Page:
World’s most dangerous magazine?

Simply owning a copy of Al Qaeda's "Inspire" is considered a crime in the U.K.

Topics: GlobalPost, Inspire, Terrorism Act, al qaeda, London, Britain,

This article originally appeared on GlobalPost.

Global Post LONDON, UK — In the deepening investigation of the Boston Marathon bombings, federal officials have reportedly found copies of the Al Qaeda magazine Inspire and other extremist materials on a computer belonging to Katherine Russell, the widow of suspect Tamerlan Tsarnaev.

If these reports are true, and if this case took place in the UK, no other evidence would be needed to arrest and prosecute Russell, 24.

Simply having a copy of Inspire — or any other materials deemed “likely to be useful to a person committing or preparing an act of terrorism” — is a crime here.

Under Section 58 of the UK’s Terrorism Act, a 2000 law granting sweeping powers to law enforcement, it is a criminal offense to download, copy or otherwise possess Inspire. Same goes for bomb-making instructions, extremist speeches, or any number of materials that in the United States are protected under the First Amendment.

No other evidence of terrorist activity, or intention to engage in it, is necessary to prosecute under the UK statute, which carries a sentence of up to 10 years in prison.

“You don’t have to necessarily be planning any terrorist activity to be prosecuted under that bit of legislation, if you are possessing those type of materials,” a Scotland Yard spokesman told GlobalPost on the condition of anonymity.

The law makes an exception for individuals who can demonstrate “reasonable excuse” for accessing the material, such as academics or investigators. It is a narrow exemption, however, and does not automatically cover journalists or others reading the materials for research or educational purposes.

“We wouldn’t say just because you were doing it for journalistic purposes you would be immune. You have to be careful,” the Scotland Yard spokesman said.

Launched in 2010, Inspire is an English-language online magazine published by Al Qaeda in the Arabian Peninsula. It has the earnest stock-art images and slightly off-kilter layouts of a doctor’s office newsletter. But it features articles like “Make a Bomb in the Kitchen of Your Mom” and “Open Source Jihad: Sending and Receiving Encrypted Messages.”



The magazine’s second issue carried an op-ed by US citizen Samir Khan, 24, in which he wrote that he was “proud to be a traitor to America.” Khan, whom US government officials have named as the editor of Inspire, was killed by an American drone strike in Yemen in 2011, along with the radical cleric and Inspire backer Anwar al-Awlaki.

Copies of Inspire and other extremist texts, speeches and images have surfaced in the confiscated property of terror suspects in the United States and the United Kingdom. In the UK, however, merely possessing these items is a crime.

There are no firm figures on exactly how many people have been arrested and tried under the law since 2000. In most cases, Section 58 charges are bundled along with other terror or criminal offenses, said Simon McKay, a lawyer who has advised the UK government on terror cases.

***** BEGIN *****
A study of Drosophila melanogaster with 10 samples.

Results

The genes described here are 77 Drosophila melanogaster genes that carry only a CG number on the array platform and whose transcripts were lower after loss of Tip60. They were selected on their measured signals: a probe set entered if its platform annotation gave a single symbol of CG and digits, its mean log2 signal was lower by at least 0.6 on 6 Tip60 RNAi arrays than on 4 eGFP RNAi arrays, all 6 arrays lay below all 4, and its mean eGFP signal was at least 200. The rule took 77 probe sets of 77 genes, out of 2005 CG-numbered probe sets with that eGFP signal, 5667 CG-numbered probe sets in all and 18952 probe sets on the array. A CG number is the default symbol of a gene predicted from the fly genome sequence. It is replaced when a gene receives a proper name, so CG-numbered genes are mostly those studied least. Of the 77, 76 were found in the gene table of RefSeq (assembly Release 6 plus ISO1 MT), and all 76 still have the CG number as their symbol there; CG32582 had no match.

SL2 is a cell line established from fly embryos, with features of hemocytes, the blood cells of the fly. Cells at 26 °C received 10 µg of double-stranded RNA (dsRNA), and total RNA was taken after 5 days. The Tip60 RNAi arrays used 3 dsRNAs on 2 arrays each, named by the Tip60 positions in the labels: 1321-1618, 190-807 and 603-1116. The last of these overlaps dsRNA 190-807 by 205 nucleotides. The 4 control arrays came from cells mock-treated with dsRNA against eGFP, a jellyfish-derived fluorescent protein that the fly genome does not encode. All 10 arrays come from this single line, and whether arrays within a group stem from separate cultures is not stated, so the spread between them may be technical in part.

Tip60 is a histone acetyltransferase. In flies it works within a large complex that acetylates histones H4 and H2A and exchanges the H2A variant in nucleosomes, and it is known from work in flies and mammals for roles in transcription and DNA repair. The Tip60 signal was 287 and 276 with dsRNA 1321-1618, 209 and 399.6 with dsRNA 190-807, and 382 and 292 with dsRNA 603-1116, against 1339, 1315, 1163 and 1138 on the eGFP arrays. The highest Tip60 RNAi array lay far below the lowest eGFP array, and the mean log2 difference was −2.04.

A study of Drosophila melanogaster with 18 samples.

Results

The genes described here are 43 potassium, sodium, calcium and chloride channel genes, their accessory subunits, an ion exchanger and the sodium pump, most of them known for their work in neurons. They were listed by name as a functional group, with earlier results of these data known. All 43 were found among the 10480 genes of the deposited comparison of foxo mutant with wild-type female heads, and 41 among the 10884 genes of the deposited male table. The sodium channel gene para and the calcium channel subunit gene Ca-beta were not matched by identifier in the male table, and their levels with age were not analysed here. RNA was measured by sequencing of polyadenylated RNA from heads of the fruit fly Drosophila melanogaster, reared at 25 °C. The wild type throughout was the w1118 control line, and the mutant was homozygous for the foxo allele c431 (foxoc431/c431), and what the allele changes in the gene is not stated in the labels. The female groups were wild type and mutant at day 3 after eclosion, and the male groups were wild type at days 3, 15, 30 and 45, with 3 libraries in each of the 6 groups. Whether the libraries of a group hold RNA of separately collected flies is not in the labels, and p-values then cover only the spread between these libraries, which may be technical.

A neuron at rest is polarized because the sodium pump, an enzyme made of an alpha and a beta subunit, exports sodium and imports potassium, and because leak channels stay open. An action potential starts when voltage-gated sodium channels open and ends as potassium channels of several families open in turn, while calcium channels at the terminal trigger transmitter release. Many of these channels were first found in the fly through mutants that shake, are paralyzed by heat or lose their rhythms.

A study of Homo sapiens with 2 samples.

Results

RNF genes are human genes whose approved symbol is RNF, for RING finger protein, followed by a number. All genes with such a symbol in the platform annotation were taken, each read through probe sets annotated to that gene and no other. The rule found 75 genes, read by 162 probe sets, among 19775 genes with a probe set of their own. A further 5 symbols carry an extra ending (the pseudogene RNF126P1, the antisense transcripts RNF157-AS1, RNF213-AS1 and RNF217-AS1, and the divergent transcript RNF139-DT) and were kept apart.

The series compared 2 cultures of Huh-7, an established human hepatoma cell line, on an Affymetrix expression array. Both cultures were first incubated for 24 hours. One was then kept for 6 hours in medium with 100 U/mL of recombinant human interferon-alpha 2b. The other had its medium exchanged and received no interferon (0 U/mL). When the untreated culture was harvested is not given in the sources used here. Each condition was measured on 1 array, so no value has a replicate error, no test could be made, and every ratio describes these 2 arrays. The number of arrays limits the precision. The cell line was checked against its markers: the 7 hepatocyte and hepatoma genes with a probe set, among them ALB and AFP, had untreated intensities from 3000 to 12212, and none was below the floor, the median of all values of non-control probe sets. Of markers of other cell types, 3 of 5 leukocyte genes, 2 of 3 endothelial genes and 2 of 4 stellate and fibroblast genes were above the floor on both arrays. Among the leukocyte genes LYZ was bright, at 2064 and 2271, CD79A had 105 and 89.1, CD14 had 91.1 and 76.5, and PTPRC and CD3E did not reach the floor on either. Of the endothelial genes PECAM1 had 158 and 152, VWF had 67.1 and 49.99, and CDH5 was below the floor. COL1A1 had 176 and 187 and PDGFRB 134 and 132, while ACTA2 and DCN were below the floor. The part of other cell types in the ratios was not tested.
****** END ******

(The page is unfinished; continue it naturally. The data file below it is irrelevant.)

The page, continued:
Yet there have been several recent cases of people charged solely for possession of terror-related documents.

In April, a former Hackney council employee named Khalid Javed Baqa, 48, was jailed for two years after being found with several hundred copies of CDs containing “extreme ideology and material relating to violent jihad,” according to the Metropolitan Police.

Niall Ferguson, 21, received a suspended 18-month jail sentence in February under Section 58 after he was found with copies of the weapon-making manual “The Anarchist’s Cookbook,” a jihadi training manual and instructions for making the poison ricin. Judge Adrian Fulford said he was satisfied that the “young and naive computer addict” was not a terrorist.

And in December, a 22-year-old accountant named Ruksana Begum received a 12-month sentence after police searching her home discovered a memory stick containing two editions of Inspire in her purse. Begum’s brothers were convicted in a 2010 plot to blow up the London Stock Exchange. Her husband was also arrested in 2012 and charged with traveling toPakistan to obtain terrorist training.

Begum pleaded guilty to the possession charge. She told the judge that she accessed the magazine to understand what had drawn her brothers to extremism, an explanation the judge accepted.

“There is no evidence that she was motivated by their ideology or was preparing to follow them,” said Justice Fulford at her sentencing, adding that Begum was “of good behavior and a good Muslim.”

The UK approach to such documents is radically different from the US approach.

“In the United States, not only is possession of Inspire magazine constitutionally protected, but writing something like Inspire magazine is constitutionally protected,” said Ben Wizner, director of the Speech, Privacy and Technology Project at the American Civil Liberties Union.

If such material isn’t found to be a direct incitement to violence, and the owner isn’t coordinating with a terrorist organization, then it’s protected under the US Constitution’s First Amendment. The UK approach “invests so much authority in the government,” Wizner said.

“We’re always very skeptical of government line-drawing, because it’s never enforced in the way that people would like it to be,” Wizner said.

The UK is seeking to further its powers of internet surveillance. A draft Communications Data Bill — known in the media here as the “snooper’s charter” — would allow the government to track all email, internet and text use in the country.

The bill died in Parliament last year, though mentions of internet security in the Queen’s Speech on Wednesday indicate that the government may revisit the issue in this legislative session.

Corinne Purtill is a journalist based in London.